01/11/2005 1:00AM

Illinois fund shift takes hold


The Illinois Racing Board approved 2005 stakes schedules for Arlington Park and Hawthorne Race Course on Tuesday, and certified the annual disbursement of funds to Illinois tracks through the provision called recapture.

The state racing board last fall granted to Hawthorne funding in 2005 that historically had been marked for Arlington, and the stakes schedules reflect that shift. As Arlington eliminated two stakes - the Estrapade for older turf females, and the Black Tie Affair for older dirt males - and trimmed $300,000 from its program, Hawthorne added $200,000 to its stakes program while resisting pressure to scale back the $750,000 Hawthorne Gold Cup.

Hawthorne will lump three of its biggest races, the Gold Cup, the Grade 3 Robert F. Carey, and the Indian Maid Stakes, onto its Sept. 25 card. The Indian Maid and the Summertime Promise received $50,000 increases, while Hawthorne, in a letter to the Illinois Thoroughbred Horsemen's Association, suggested it could boost daily overnight purses by $25,000 next fall.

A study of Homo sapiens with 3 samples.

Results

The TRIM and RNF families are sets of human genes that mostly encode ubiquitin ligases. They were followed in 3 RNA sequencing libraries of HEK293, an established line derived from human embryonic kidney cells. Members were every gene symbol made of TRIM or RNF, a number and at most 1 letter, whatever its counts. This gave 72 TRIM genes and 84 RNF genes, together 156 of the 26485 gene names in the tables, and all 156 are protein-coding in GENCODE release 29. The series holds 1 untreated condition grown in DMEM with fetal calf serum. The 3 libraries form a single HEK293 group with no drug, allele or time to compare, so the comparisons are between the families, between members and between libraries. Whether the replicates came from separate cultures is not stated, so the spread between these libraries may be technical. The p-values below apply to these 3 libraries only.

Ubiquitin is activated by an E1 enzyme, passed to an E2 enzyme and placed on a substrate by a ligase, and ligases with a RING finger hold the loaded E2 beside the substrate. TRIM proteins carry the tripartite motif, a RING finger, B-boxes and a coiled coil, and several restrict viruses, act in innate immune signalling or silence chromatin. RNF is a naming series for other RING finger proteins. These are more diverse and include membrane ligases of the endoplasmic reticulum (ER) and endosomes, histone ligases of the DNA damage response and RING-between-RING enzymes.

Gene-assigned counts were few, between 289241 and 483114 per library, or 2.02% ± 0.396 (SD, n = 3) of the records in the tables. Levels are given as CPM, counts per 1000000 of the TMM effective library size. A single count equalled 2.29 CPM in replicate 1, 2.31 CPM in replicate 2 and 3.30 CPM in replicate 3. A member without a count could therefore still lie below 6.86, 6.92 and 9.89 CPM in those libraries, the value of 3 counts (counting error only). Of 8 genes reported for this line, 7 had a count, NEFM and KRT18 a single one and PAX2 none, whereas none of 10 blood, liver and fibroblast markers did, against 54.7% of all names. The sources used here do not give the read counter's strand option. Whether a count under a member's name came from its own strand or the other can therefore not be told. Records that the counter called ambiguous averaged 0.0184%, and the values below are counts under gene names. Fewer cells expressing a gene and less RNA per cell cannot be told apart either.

Arlington also reduced by $50,000 two other stakes, the Arlington and Modesty Handicaps, though the rest of a 25-race schedule stays the same, headlined by Arlington Million Day, Aug. 13 this year.

Recapture, enacted with the advent of full-card simulcasting, allows tracks to deduct money from purse accounts to compensate for the migration of handle from live to simulcast races. Arlington's 2004 recapture totals more than $3.9 million, while Hawthorne National, including the National Jockey Club at Hawthorne meet, earned almost $2.9 million. The racing board, for the second year, rejected arguments from Hawthorne and the NJC that the NJC was eligible for recapture. In 1994, the NJC ran its live meet at Sportsman's Park, which has since closed, and the Board ruled without that physical plant the NJC is ineligible.

Until 2003, state government reimbursed purse accounts for recapture deductions, but with an ongoing Illinois budget crisis the subsidy has not been funded for two years, leaving gaping holes in the accounts.